Acne treatment Acne treatment

PDT for Acne

PDT for Acne PDT for Acne PDT for Acne


Almost everyone gets acne at some point, usually as a teenager, and acne sufferers generally turn first to tried-and-true acne remedy benzoyl peroxide, which appears in most over-the-counter acne treatments, according to the American Academy of Dermatology. However, dermatologists have developed new treatments for acne that use light energy to stop pimples. One of these treatments, photodynamic therapy or PDT for short, shows promise in clearing skin.

Causes of Acne

Acne results when male hormones circulating in your body stimulate your skin's sebaceous glands to make too much sebum, or oil, according to the Cleveland Clinic. The oil, and fatty acids contained in the oil, can combine with the skin cells your body sheds and form plugs in your pores. When your pores are plugged, bacteria can grow in the oil behind the blockages. Acne lesions include whiteheads, blackheads, small bumps and larger cysts and nodules.

How PDT Works

Dermatologists have used lasers for more than a decade to treat acne, according to the Mayo Clinic. PDT takes this one step further, combining laser or LED light energy with a medication that can make that light energy more effective. The laser or light energy works to shrink the oil-filled sebaceous glands, causing them to produce less oil, and also can kill the bacteria that contributes to acne.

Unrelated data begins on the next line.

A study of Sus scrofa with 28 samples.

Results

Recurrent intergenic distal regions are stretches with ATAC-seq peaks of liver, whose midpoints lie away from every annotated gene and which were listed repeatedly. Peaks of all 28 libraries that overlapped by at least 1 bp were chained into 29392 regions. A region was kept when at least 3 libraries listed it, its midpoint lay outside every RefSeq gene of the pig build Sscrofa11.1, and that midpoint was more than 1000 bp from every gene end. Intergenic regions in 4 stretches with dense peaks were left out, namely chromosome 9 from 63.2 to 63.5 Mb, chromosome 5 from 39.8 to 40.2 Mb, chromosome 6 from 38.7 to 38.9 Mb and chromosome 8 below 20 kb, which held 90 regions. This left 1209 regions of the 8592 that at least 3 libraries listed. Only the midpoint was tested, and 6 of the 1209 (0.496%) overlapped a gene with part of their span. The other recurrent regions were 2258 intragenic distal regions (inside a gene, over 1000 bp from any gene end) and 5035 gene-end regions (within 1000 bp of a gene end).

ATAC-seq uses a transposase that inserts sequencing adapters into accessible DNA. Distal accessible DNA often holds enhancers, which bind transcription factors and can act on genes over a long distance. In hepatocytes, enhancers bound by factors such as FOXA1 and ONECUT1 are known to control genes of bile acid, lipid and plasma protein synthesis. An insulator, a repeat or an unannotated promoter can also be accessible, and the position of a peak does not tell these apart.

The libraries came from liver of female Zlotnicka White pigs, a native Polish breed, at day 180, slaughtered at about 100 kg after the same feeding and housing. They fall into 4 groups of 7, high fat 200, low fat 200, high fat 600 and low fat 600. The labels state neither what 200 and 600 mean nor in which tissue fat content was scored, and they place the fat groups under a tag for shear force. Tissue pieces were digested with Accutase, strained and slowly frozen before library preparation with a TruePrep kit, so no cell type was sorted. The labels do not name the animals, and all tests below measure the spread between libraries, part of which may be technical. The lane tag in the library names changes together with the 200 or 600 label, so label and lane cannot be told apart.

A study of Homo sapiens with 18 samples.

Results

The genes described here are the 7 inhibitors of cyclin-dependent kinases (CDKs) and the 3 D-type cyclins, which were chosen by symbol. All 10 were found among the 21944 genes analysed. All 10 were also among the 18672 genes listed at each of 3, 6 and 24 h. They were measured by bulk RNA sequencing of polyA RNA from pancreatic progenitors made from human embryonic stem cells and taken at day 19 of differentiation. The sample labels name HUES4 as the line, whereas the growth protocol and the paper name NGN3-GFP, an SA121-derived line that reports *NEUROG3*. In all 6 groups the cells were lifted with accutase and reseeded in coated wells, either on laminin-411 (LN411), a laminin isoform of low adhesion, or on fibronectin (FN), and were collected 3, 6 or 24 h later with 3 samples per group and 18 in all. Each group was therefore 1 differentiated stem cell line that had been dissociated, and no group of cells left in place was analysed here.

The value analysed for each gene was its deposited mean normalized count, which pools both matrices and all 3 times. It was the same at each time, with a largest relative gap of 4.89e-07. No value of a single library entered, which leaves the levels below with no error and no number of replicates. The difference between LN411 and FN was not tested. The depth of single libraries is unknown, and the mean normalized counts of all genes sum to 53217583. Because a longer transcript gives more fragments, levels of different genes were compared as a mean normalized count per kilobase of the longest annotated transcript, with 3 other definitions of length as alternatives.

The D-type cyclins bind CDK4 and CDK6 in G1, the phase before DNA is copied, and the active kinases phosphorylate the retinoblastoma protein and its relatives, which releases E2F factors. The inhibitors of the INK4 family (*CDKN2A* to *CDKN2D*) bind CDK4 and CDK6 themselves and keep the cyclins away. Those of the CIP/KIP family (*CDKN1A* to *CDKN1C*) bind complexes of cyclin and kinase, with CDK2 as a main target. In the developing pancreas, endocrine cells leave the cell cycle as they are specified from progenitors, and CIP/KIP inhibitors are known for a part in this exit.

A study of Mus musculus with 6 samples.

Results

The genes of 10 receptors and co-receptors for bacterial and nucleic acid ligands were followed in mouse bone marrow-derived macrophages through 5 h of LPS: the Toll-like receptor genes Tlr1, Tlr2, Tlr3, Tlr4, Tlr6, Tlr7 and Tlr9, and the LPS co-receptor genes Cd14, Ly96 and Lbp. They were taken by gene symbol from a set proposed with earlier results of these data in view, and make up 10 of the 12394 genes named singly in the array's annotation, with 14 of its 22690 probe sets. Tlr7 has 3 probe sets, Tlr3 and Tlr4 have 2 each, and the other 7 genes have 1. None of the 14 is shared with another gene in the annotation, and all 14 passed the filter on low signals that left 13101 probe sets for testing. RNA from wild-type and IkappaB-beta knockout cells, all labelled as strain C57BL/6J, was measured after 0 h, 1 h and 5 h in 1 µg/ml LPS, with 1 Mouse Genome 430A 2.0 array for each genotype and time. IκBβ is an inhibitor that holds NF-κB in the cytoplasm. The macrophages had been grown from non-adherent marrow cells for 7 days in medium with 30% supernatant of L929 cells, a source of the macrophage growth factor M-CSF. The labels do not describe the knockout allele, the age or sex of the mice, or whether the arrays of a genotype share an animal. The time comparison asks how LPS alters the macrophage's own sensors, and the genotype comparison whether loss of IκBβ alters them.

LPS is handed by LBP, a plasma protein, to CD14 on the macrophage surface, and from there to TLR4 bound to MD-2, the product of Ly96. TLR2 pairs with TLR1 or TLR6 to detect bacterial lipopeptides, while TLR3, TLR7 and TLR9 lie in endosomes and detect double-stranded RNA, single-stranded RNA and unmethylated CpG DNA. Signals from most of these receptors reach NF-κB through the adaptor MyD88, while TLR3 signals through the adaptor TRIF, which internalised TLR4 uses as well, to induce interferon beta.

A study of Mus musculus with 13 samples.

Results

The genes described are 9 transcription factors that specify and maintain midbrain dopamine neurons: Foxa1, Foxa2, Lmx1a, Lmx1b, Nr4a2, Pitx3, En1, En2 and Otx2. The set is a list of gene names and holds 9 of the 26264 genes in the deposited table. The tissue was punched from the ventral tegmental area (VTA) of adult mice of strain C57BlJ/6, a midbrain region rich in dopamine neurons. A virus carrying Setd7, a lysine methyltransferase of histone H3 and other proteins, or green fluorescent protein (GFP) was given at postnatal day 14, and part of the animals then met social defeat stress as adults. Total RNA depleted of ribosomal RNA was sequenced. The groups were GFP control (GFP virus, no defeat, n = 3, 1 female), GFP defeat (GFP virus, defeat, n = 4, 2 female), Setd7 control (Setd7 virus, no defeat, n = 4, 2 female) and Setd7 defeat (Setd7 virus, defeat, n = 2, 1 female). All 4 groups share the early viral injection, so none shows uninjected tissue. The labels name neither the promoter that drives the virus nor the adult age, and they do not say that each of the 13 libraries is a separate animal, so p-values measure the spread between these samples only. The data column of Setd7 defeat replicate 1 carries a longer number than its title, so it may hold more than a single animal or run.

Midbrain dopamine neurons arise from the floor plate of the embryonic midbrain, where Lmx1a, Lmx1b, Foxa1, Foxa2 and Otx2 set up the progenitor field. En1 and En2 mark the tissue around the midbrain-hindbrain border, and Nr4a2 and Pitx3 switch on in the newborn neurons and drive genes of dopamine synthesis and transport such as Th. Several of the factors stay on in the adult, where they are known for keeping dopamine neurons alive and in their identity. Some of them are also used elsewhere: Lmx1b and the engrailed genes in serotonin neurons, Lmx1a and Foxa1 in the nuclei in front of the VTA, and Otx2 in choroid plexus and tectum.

Treatment Details

Patients who choose PDT treatment for acne generally will undergo a series of three or four treatment sessions over about three months, according to the American Academy of Dermatology. First, the dermatologist or technician will apply a medication to your skin that makes it more sensitive to the light energy. This medication stays on your skin for 15 to 60 minutes, depending on your acne's severity. Next, you'll remove the medication and undergo the laser or light therapy. The total PDT treatment generally takes less than two hours.

Medical Studies

Medical studies show that PDT potentially works better than laser or light therapy alone for acne. In one study, published in March 2010 in the Journal of Drugs in Dermatology, eight patients received PDT treatments combining medication with laser therapy on one side of their faces, and laser therapy without the medication on the other side of their faces. Acne improved by 52 percent on the PDT side, while it improved only 32 percent on the side that received only the laser treatment.


Side effects of PDT tend to be more severe than those from laser or light treatments alone, the Mayo Clinic says. Patients can experience redness, swelling, crusting or even acne flare-ups after the treatment. In addition, because the therapy has only been available for a few years, the American Academy of Dermatology says it's not clear whether it's effective in the long term. Still, PDT for acne helps clear many acne patients' pimples. If you think PDT for acne might help you, discuss it with your dermatologist.